Cyprus opposition leader tops presidential poll

Pro-bailout candidate Nicos Anastasiades is destined to become Cyprus's new president, according to a newspaper poll published on Sunday which gives him an unassailable lead a week before the vote.

Main opposition leader Anastasiades, of the rightwing Disy party, remains the front-runner at 42.1 percent, followed by communist Akel-backed Stavros Malas (21 percent) and former foreign minister Giorgos Lillikas (19.4 percent), the Phileleftheros newspaper poll said.

Earlier polls in the week showed similar percentage yields.

Anastasiades will need 50 percent plus one vote to secure the presidency on February 17, but the race is likely to go to a run-off the following Sunday with Malas and Lillikas neck and neck.

The poll shows the Disy leader will have a tougher fight if Lillikas makes it through to a run-off, as Anastasiades would garner 45.3 percent against his opponent's 32.4 percent.

With Malas, he would secure a comfortable 52.3 percent against the Akel candidate's 28.1 percent.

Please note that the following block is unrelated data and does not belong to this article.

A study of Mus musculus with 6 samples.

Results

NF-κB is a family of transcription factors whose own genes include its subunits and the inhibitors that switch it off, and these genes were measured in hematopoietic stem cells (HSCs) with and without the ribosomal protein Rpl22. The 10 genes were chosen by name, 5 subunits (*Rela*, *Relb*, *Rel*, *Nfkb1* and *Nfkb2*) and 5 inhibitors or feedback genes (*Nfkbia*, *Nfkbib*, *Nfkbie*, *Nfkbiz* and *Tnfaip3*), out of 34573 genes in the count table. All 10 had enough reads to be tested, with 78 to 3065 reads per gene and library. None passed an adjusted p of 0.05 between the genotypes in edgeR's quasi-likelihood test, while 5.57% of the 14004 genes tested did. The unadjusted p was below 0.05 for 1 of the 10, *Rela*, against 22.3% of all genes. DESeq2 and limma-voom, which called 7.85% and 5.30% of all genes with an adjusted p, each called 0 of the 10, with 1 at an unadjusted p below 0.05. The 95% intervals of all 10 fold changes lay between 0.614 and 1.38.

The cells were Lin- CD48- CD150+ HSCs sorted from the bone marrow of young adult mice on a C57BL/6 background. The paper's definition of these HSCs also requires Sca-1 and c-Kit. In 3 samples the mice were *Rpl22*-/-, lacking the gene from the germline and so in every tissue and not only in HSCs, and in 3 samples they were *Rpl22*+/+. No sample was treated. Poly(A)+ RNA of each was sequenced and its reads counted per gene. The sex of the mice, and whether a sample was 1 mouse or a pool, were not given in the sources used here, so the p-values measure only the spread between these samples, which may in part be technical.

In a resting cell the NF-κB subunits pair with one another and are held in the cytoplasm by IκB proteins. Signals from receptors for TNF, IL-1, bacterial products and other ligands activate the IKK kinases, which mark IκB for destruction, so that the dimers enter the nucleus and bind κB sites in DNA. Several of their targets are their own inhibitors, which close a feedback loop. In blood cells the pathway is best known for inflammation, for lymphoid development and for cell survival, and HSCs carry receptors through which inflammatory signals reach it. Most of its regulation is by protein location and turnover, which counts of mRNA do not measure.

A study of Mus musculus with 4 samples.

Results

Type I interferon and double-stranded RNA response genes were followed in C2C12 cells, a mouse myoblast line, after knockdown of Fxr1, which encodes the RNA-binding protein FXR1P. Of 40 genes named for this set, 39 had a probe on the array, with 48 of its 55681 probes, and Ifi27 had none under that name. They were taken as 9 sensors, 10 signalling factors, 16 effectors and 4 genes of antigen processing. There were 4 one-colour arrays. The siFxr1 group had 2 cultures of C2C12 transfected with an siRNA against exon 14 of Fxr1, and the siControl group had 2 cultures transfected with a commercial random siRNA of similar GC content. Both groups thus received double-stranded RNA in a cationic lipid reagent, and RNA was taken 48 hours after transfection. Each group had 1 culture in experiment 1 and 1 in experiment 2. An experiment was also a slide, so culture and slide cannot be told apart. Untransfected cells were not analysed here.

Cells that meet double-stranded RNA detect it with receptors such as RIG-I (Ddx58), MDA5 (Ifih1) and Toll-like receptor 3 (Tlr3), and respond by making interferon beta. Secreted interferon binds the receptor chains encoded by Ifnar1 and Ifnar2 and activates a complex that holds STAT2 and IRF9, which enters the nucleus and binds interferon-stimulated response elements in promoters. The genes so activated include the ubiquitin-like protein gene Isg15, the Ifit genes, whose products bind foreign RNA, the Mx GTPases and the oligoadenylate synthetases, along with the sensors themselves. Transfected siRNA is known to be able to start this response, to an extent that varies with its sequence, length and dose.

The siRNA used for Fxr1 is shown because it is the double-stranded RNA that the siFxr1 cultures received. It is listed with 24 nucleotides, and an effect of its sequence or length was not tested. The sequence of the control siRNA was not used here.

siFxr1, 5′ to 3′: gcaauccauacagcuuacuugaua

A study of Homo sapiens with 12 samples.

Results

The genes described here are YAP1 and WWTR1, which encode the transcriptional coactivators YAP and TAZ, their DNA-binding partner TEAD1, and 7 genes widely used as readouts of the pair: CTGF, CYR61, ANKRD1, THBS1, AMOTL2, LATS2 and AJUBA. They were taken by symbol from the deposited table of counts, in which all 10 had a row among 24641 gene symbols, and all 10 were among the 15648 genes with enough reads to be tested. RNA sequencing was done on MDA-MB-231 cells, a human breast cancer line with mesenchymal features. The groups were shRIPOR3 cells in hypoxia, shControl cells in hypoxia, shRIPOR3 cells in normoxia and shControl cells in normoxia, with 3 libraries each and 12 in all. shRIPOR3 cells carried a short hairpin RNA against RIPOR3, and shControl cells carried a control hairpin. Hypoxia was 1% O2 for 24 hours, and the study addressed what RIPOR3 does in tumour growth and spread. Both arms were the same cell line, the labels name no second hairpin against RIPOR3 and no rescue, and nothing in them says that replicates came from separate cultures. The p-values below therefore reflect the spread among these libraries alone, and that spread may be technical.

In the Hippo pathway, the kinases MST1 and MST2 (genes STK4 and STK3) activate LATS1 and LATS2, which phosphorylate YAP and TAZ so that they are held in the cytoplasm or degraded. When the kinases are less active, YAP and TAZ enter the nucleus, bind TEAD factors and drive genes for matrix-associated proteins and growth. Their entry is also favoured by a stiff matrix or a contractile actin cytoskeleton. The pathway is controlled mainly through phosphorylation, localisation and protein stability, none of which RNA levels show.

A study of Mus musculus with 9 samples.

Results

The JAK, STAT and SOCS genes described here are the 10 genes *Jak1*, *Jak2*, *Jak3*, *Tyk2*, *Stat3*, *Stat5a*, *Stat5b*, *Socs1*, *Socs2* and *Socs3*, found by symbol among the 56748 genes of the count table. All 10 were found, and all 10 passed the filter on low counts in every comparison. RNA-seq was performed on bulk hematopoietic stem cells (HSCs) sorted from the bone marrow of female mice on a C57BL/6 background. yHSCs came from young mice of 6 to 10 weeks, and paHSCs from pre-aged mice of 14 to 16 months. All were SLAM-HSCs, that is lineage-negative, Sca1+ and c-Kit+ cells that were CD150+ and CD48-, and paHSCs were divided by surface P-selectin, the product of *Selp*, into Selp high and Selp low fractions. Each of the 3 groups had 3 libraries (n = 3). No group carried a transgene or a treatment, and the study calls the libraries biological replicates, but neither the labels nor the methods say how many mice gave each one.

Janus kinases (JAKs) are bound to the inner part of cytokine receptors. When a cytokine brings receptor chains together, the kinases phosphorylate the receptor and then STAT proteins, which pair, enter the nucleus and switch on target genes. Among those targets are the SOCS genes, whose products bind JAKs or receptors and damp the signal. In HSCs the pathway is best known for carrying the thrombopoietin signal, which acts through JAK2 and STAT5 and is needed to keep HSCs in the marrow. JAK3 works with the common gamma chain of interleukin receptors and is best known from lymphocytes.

Lillikas is the only one of the three who argues against a bailout, pledging to defend Cyprus from any perceived loss of sovereignty in negotiations with international lenders.

Phileleftheros said Anastasiades also came on top among voters who see him as the best candidate to handle the economic crisis with a 50 percent rating, compared with 20 percent for Malas and 16 percent for Lillikas.

Seven out of ten people polled also believed that Anastasiades would become the next president.

The poll was conducted between January 31 and February 6 using a random sample of 1,188 voters. The margin of error was given as plus or minus 3 percent.

Nicosia is anxious for swift approval on the terms of a European Union bailout to help revive the recession-hit economy and save its Greek-exposed banks.

Eurozone finance ministers are waiting until after the elections to decide on a bailout deal in the hope of securing more concessions.

Without an aid package, deemed to be in the region of 17.5 billion euros, the state would effectively go bankrupt.

Talks have dragged on since Nicosia asked for EU aid in June after its banks failed to meet recapitalisation criteria.

Cyprus has already imposed tough austerity measures to meet the demands of eurozone creditors for more than one billion euros in cuts and savings.